Book Review: World War Z by Max Brooks

Jean-Paul’s Rating 5/5 stars

Open letter to Brad Pitt:  Dear Mr. Pitt, what were you thinking?  Your movie version of “World War Z” was, to put it kindly, not very good.  If I had read the book prior to watching the movie I would have likely given the movie version only one star.  The similarities between the book and the movie were this: they both had zombies.  Partially, this is not your fault.  A book the breadth of “World War Z” is by no means a good fit for the silver screen and that’s what you know.  If you still own the rights to “World War Z”, you can salvage this disaster.  I humbly recommend staying true to spirit of the book and producing a series of vignettes as seen through the eyes of a reporter collecting post-war stories from around the globe.  A web service like Netflix would be superb for this.  With Netflix, you can feel free to tell the stories in a series of episodes without having to worry about how long each episode is.  Each season would be a specific time period in the War.  Stories could be taken straight from the book or new ones could be created for the show.  This needs to happen.  Make it so.  Thank you.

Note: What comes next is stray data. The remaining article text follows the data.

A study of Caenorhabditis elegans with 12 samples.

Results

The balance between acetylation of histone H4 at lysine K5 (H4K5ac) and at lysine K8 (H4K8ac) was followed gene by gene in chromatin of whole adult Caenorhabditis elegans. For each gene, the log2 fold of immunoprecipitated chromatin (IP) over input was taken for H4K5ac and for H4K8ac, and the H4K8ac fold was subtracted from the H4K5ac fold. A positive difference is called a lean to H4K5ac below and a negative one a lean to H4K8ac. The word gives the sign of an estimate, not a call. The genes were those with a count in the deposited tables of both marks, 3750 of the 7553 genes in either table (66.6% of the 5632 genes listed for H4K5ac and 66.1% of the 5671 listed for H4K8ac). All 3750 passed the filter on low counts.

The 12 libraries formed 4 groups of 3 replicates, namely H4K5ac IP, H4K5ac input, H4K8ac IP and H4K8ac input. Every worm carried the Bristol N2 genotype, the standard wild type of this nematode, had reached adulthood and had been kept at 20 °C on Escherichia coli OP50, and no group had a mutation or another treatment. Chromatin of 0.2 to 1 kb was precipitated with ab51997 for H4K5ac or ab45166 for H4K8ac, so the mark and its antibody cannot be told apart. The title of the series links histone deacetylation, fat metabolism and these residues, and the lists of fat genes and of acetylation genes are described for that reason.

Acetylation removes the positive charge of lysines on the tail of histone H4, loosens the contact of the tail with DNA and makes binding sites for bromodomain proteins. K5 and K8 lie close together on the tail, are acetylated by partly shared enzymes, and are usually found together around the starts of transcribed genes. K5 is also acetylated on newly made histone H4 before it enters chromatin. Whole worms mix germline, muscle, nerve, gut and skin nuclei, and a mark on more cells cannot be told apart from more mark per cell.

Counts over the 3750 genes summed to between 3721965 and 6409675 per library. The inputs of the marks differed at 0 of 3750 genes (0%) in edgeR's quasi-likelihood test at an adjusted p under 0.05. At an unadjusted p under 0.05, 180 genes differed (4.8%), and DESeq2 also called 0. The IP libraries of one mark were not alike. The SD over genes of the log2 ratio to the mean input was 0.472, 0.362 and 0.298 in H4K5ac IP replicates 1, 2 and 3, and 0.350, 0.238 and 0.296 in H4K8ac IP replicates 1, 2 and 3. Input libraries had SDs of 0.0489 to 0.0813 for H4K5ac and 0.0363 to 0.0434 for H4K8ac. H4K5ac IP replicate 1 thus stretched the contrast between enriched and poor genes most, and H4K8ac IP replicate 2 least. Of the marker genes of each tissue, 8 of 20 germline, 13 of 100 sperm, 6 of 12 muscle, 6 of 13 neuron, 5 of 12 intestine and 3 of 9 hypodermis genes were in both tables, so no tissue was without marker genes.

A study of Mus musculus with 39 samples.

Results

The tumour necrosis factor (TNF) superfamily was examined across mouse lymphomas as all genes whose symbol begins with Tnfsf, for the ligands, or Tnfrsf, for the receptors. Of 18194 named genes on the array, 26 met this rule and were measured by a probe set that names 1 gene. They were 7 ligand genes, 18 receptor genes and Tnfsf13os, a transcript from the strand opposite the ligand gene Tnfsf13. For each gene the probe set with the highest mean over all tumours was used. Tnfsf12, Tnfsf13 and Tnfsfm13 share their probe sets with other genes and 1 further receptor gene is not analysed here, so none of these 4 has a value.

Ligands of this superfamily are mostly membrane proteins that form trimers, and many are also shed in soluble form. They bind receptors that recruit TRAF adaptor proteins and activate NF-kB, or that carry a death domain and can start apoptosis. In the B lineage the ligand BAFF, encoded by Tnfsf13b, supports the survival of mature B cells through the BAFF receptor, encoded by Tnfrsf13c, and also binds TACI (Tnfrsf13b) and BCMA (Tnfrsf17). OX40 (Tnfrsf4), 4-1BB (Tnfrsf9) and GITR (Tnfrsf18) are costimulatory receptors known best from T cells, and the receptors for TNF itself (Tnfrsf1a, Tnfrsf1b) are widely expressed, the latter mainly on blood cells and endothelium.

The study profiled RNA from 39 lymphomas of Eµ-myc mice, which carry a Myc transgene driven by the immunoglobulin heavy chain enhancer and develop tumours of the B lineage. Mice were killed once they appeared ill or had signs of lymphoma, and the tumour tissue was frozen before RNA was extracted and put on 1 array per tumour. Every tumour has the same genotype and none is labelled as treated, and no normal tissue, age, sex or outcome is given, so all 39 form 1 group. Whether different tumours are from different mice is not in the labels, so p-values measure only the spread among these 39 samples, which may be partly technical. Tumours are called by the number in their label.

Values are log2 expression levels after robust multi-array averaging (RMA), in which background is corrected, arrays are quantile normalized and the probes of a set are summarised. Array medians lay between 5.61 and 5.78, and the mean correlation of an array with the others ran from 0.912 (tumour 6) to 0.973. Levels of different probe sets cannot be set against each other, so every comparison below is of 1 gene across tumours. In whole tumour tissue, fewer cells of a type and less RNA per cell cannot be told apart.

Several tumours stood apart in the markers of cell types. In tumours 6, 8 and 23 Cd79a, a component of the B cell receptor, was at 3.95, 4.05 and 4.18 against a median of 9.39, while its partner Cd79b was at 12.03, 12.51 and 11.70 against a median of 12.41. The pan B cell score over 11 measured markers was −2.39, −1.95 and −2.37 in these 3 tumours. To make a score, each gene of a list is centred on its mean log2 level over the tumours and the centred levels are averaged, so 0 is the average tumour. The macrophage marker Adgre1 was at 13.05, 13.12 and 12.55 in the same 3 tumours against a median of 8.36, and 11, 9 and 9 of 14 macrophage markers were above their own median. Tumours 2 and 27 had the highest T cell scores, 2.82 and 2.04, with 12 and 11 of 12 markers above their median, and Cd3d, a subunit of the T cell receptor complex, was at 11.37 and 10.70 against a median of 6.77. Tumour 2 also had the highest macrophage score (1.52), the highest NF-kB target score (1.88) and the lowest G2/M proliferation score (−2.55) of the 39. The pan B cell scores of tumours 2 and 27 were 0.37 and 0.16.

I was not surprised to learn that Max Brooks has basically created a “World War Z” empire around this book.  It is a compelling look at not just a world at war with a remorseless enemy, but also believable tales of humanity as told by individuals who were lucky enough to survive the war.  It is the believability that makes the book so excellent.  You believe that people would prey off fear to become rich.  You believe that the army could be that stupid.  You believe that a limited nuclear war could break out.  You believe that Israel could be that paranoid.  You believe Russia could descend into an autocratic theocracy.  The zombies are ever present in the text, but they are in many ways secondary.  At it’s soul, “World War Z” is not a book about zombies.  It’s a book about how humanity reacts to dire situations.  In this case, the dire situation just happens to be the zombie apocalypse.

Like J.K. Rowling, Max Brooks has successfully created a world that will quickly spin out of his immediate control.  The way the book is put together almost guarantees it.  There are likely already thousands of fan fiction pieces set in the “World War Z” world.  This is because Brooks succeeds in doing the one thing that is most difficult to accomplish; the book ends but he leaves you wanting more.  Bravo, Mr. Brooks.  Bravo.

4 thoughts on “Book Review: World War Z by Max Brooks

    1. Jean-Paul Post author

      It was a Brad Pitt joint. Pitt’s Plan B company and DiCaprio’s Appian Way actually had a bidding war over the rights and Pitt won. I have no doubt that studio execs had their filthy paws in the rewrite, but it’s still Pitt’s baby.

      1. Steven Scott

        With a troubled production schedule, including massive reshoots, and a script that went from “JMS’s World War Z” to “Zombie Apocalypse Move #27,468″….I’d more blame Paramount and their collective suck. But that’s the problem(?) with movies…you never know who was responsible for what, good or bad.